A group of boys crowd around Simon as he finishes his story. The horrific details of the war in Syria that resulted in Simon’s journey to Australia has piqued their interest. Students often experience a personal connection to Simon and feel compelled to talk to him.
Another speaker tells of being awakened in the middle of the night as a ten year old. Her parents dressed her in several layers of clothes, put her into a taxi, and told her they were going on holiday. The ‘holiday’ included a seven day walk through the snowy mountains from Iran into Iraq, eating only raisins for sustenance. To this day, she cannot eat raisins.
These are but two of many speakers with extraordinary life experiences who visit Sydney based schools as part of Jesuit Refugee Service’s Refugee Voices program. Each story is unique, but all of the speakers show amazing resilience, perseverance and courage.
In 2018, JRS has partnered with 15 schools to run the Refugee Voices program. The Catholic Education Diocese of Parramatta has also worked closely with JRS to build capacity among its staff on issues of people seeking asylum.
Based on storytelling, the program aims to raise awareness of issues surrounding people seeking asylum and refugees, particularly those whom JRS accompanies, serves, and advocates for here in Australia.
The opportunity to hear a person with lived experience describe their previous life and the need to seek protection from persecution is very powerful.
Using elements of the Ignatian Pedagogical Paradigm, the challenge is to empower students to further reflect upon and engage with the issues, and take action to question the injustices of the present system.
Confronted by the lived experiences of these speakers, students are made to question their preconceptions, and learning becomes transformative.
While each presentation is tailored to a theme nominated by the school, all begin with a JRS representative explaining the current global situation for refugees, utilising visuals and UNHCR statistical data.
It is critical for students to clearly understand Australia’s complicated refugee and asylum policies, and to acknowledge the impact of our response to the current world situation.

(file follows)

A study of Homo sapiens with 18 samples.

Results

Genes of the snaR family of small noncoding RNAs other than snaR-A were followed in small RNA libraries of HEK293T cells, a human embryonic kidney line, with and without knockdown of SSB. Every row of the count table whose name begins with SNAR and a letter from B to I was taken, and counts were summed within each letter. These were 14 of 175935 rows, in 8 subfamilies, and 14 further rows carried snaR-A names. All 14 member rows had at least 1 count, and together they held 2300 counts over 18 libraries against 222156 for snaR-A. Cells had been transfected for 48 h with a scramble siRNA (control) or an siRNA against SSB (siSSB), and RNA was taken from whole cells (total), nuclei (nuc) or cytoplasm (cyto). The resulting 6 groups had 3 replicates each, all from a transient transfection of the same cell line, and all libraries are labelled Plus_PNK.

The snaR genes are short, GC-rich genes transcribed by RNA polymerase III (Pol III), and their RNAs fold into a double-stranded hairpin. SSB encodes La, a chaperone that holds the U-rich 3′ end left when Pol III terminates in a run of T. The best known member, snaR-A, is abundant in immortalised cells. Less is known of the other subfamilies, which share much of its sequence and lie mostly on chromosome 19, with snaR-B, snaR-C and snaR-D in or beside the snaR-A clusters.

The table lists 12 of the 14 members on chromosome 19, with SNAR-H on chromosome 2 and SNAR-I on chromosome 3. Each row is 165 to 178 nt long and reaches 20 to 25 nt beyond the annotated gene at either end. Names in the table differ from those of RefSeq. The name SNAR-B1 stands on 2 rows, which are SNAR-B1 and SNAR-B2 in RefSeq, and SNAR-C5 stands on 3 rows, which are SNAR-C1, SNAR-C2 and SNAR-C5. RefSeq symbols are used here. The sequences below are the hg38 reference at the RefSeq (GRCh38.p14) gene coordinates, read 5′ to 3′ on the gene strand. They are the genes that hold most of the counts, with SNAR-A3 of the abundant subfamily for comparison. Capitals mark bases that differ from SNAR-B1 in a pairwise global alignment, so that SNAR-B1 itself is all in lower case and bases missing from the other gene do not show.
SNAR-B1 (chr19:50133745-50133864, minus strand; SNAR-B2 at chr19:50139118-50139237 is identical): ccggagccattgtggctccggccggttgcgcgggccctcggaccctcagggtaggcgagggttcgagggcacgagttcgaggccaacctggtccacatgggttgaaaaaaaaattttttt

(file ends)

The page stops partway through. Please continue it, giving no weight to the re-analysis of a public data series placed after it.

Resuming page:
Opportunities for further action are suggested and provided to students and the school community, such as writing to MPs or organising events. This enables the students to consider their role in Australian society and how they can move beyond knowledge to action.
Catholic schools step up to support refugees
JRS’s work with schools is not limited to the speaking program. In 2018, an additional 13 schools have engaged with JRS in a variety of ways.
The Australia Province’s Bookends Project maintains a website with updated JRS campaigns and actions undertaken by various ministries with regard to the two bookends: how the country treats people seeking asylum and how it treats First Nations people.
By highlighting the various efforts undertaken by Jesuit schools, the message is being shared, and schools are encouraged to submit their news.
Examples of such support and engagement abound.
Recently, JRS has begun to work with the St Aloysius’ College Beninson Society on advocacy issues. The JRS Policy and Advocacy Coordinator plans to include members of this social justice-minded group in a meeting with their local MP to discuss policy.
Elsewhere, year ten students at St Ignatius’ College Riverview have worked at the JRS Parramatta offices for their work experience week.
Many schools celebrated Refugee Week with fundraising activities for JRS, including Jesuit schools across the Province. Loyola Mount Druitt, for example, held a Rice Day and raised funds that were given to JRS during the Refugee Week Mass.
JRS has been invited to work with many schools in the Parramatta Diocese to support Bishop Vincent Long’s campaign ‘Walking with Refugees and People Seeking Protection’, inviting all to begin a conversation with and about refugees. Catholic diocesan schools have undertaken activities and projects within their schools to learn about refugees.
The year one students at St Francis of Assisi (Glendenning) sold popcorn, hot corn, and cakes in several stalls over lunch to raise money for JRS, while the year five students at St Angela’s (Castle Hill) ran Mission Markets for a week after completing a project-based learning unit on JRS.
In partnership with Sydney Alliance, JRS helped plan and conduct a Table Talk at St Oliver’s in Harris Park. The year 12 students at Xavier College (Llandilo) have chosen their class gift to be a sleepover fundraiser for JRS; the sleepover will begin with a presentation by Simon and JRS to the students.
Numerous schools, including Jesuit schools, continually provide donations for the Foodbank operated out of the JRS Parramatta offices. Multiple appeals for Foodbank items are held at various times of the school year as it relies totally on donations.
During Riverview’s celebration of Refugee Week, the Director of Jesuit Refugee Service, Carolina Gottardo, spoke at the school assembly about a family seeking asylum that JRS assists, describing the anguish the family is experiencing due to Status Resolution System Service (SRSS) cuts. The school also held a financial appeal to help assist these families.
JRS is appreciative of all the support received from the Sydney based schools and looks forward to future collaboration with schools to raise awareness and facilitate action about current government policy.
Anne Nesbitt is Project Officer, Bookends Project and Schools Engagement Coordinator, Jesuit Refugee Service Australia.